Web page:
The Trabant was built at the old Audi factory in Zwickau for more than 30 years. The factory is now the August Horch Museum and the museum normally has a large exhibition dedicated to the factory's post-war history. The collection includes a rare post-war Horch 930S and an extensive display of IFA and Trabants. Unfortunately for us, when we visited the museum in July 2017, the post-war section was closed for renovation. Part of the post-war museum collection has been moved to the nearby Trabant International Register museum. We took the opportunity to visit the little collection and it was a very pleasant local museum staffed by enthusiastic volunteers. If you are in visiting Zwickau it is worthwhile making a detour.
The predecessors - IFA F8 and F9, which were copies of DKW prewar cars.
The IFA F8 was the postwar copy of the prewar DKW F8, with some minor modifications.
The IFA F9 was the realisation of the 1939 DKW F9 'Hohnklasse.' DKW only built 9 pre-production examples before the war intervened. IFA recovered a single example in Leipzig and used it to reverse engineer their version of the car. http://heinkelscooter.blogspot.com.au/2012/12/1939-dkw-f9-prototype.html
The Horch P240. During the war Horch had ceased manufacturing luxury cars and become a heavy truck manufacturer. After the war they continued building trucks but they did have a few Horch 930 chassis tucked away and they were used to build half a dozen limousines for party officials. These cars were so prized that Horch was contracted to build a production car. The result was the P240. It was a far cry from the extravagant luxury of their prewar cars but these were austere times. Only a few hundred were built. http://heinkelscooter.blogspot.com.au/2011/02/veb-sachsenring-east-germanys-peoples.html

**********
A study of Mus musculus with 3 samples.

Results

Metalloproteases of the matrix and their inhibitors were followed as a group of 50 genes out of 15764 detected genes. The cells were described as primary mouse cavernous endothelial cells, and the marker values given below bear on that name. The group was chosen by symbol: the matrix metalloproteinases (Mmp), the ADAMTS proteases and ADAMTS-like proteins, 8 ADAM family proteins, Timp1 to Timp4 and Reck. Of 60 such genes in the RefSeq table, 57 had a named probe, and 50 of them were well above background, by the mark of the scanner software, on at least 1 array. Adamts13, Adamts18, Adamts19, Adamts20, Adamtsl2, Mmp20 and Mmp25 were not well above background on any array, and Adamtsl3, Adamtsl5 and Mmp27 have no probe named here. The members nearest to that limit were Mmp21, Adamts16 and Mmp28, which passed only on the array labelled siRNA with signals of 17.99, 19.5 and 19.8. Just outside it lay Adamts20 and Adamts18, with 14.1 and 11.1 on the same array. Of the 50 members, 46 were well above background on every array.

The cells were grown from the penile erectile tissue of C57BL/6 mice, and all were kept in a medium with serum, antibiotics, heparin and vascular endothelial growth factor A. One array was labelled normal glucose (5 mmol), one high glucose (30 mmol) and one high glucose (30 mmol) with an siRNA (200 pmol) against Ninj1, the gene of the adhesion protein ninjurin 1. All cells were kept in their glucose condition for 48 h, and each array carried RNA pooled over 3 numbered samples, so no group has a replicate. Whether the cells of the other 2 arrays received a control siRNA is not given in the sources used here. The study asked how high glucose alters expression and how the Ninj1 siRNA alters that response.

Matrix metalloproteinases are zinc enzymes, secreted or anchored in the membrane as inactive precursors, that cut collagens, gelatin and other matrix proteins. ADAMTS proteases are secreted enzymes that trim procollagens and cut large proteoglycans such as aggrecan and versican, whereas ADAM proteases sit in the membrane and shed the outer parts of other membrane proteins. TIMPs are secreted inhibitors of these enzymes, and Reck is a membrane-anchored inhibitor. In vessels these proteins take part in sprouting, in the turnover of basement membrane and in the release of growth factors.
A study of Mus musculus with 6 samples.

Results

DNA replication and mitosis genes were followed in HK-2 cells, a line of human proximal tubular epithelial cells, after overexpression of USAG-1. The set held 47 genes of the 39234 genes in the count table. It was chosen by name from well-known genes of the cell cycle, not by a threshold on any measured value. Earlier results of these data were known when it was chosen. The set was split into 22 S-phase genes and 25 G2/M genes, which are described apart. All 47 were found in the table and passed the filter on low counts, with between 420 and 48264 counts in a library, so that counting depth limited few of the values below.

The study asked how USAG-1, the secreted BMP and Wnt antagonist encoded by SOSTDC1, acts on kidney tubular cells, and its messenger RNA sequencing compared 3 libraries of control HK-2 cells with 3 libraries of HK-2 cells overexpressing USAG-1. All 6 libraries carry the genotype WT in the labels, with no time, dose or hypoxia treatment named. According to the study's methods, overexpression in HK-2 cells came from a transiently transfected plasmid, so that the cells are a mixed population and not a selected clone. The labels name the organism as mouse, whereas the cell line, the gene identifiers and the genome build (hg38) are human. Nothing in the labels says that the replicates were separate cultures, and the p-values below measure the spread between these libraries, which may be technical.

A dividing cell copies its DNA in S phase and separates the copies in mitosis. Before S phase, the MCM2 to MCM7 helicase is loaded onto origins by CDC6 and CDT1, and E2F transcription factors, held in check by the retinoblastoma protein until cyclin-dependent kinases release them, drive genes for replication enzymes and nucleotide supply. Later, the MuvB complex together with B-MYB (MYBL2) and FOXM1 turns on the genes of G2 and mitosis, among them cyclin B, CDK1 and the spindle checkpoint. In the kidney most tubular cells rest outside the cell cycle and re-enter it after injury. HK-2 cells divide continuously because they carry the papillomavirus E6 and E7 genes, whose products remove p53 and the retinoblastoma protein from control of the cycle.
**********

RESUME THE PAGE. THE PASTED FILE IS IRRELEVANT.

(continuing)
The Horch P240 had some stylistic influences of heavy American cars of the 1950s
IFA F9 cabriolet
The Trabant's predecessor - the AWZ P70. The similarity to the Trabant lies in its use of Duraplast bodywork, but under the this new skin the car was basically an IFA F8.
Raw Duraplast panel with the cotton tailings still attached. Despite ridiculous modern claims that the Trabant is made of cardboard or other such rubbish, Duraplast is an amazing product that creatively uses two waste products - cotton waste and a phenolic resin byproduct of the chemical dying industry - to produce something entirely new and useful. Duraplast is somewhat similar to carbon fibre these days.
The golden age of the East German workers paradise was the 1970s. At this point East Germany could feel it had almost reached the same level of prosperity as its western counterpart, but things would soon begin to slide. From the 1980s East Germany was in terminal decline and no amount of propaganda could disguise it.
Trabi folding rooftop tent. An amazing option available for East German camping enthusiasts.
A diorama of the famous Trabi breaking through the Berlin Wall.
I think the first Trabants are the best looking. They are handsome budget cars for the period, much like their western contempories, such as the Goggomobil or NSU Prinz. http://heinkelscooter.blogspot.com.au/2014/01/trabant-east-german-peoples-car.html
Trabant P50. Early models sometime featured two-tone paintwork and chrome trim.
Trabant P60 kombi. The new P60 model toned down the paint and trim a little.
The classic Trabant - the Trabant 601
From newest to oldest. The Trabant 1.1 featured a Volkswagen Polo engine.
Trabant kubel was the military version of the Trabant.
One of Trabant's many stillborn models. The designers at Sachsenring constantly attempted to replace the Trabant with a more modern design but as this would require retooling the factory, the management always refused to fund it.